Article written by Master-Corporal Alexander Loeven
Westmount, Quebec – 06 November 2019: On the weekend of 27-29 September, RMR’s B-Coy carried out various offensive operation exercises. These exercises consisted of section attacks, reconnaissance patrols and finally, a series of platoon attacks led by the RMR’s newly qualified platoon commanders, all taking place in CFB Valcartier.
The exercise began with the occupation of a hide on the night of the 27th. In typical infantry exercise fashion, the troops woke up to rain at 0600 the next morning, when they split up into their sections and began practicing section attacks. They were put through every iteration of a section attack – flanking manoeuvres, frontal attacks and contact on a road. The training improved individual soldiering skills of the troops, as well as command and control skills for the section commanders.
During the day, sections would split off to conduct point reconnaissance patrols. A few sections (such as my own) may have inadvertently encountered swamp terrain on the way to the objective. This, of course, only served to improve the soldiering skills of the troops involved. The patrols served as a basic introduction to reconnaissance to the new troops, under the guidance of more experienced members.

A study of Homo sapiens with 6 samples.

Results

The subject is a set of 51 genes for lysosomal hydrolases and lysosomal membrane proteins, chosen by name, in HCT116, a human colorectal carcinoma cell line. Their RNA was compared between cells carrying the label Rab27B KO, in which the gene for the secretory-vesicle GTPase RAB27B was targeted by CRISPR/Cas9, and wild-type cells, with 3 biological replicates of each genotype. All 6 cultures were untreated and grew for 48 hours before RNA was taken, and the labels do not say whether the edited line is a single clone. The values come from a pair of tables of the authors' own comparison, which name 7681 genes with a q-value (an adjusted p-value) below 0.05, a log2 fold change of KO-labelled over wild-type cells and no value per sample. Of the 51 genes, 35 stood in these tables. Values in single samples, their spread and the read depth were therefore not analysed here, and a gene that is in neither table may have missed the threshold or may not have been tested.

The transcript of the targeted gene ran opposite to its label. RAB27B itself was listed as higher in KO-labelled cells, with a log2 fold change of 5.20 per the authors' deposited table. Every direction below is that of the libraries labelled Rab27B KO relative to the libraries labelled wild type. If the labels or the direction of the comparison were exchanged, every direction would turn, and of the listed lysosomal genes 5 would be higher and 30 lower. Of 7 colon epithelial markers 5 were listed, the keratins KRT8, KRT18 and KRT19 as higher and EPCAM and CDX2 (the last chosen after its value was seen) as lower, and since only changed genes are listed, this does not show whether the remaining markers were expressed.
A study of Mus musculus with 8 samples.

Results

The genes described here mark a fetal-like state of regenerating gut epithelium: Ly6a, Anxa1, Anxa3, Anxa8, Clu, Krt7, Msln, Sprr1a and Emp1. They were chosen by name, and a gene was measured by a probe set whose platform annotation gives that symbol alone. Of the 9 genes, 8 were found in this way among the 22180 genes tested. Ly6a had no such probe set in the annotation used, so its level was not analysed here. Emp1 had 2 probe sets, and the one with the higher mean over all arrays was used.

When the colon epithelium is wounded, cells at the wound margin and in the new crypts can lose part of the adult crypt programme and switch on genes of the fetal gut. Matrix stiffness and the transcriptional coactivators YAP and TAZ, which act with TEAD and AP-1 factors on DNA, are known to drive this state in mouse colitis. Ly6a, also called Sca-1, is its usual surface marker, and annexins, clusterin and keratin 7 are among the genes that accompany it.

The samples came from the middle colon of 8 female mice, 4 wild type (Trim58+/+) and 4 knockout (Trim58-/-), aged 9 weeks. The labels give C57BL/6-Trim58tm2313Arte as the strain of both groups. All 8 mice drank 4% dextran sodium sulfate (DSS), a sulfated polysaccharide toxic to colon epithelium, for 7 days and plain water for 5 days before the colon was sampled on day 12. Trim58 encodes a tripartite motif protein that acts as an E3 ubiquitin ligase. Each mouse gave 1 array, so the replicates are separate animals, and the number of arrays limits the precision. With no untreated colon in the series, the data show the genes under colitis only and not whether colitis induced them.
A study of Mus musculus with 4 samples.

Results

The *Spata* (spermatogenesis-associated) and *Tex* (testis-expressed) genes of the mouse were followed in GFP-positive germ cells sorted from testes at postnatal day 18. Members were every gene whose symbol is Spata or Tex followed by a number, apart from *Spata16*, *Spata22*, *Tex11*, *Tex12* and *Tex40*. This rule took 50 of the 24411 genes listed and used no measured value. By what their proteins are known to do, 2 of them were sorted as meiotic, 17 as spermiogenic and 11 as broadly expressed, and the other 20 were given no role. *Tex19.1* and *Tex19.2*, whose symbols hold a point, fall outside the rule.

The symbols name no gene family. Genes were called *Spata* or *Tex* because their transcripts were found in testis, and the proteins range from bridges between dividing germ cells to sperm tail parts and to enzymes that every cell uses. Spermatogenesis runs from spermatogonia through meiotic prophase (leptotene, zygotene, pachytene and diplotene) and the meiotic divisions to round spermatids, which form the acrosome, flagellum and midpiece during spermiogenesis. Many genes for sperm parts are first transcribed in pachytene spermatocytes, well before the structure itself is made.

As the section attacks came to a close, it was time to begin planning for the platoon attacks, set to take place in the evening of the 28th. Fresh off their platoon commander’s course, 2nd Lieutenants McLaughlin and Perchun were on the line to lead these attacks.
The first attack was carried out as a flanking as darkness began to fall. The second attack was carried out in near complete darkness – adding to the challenge was marshland located where the flanking took place this time around. Despite this, the attack went according to plan, and the troops successfully destroyed the enemy in line with H-hour and consolidated past the objective before making their way back to the hide. Overall, the exercise allowed the troops, both new and seasoned, to witness the full spectrum of offensive operations. To add to this, they experienced thoroughly adverse weather and, of course, forced marches both in and out of the training area.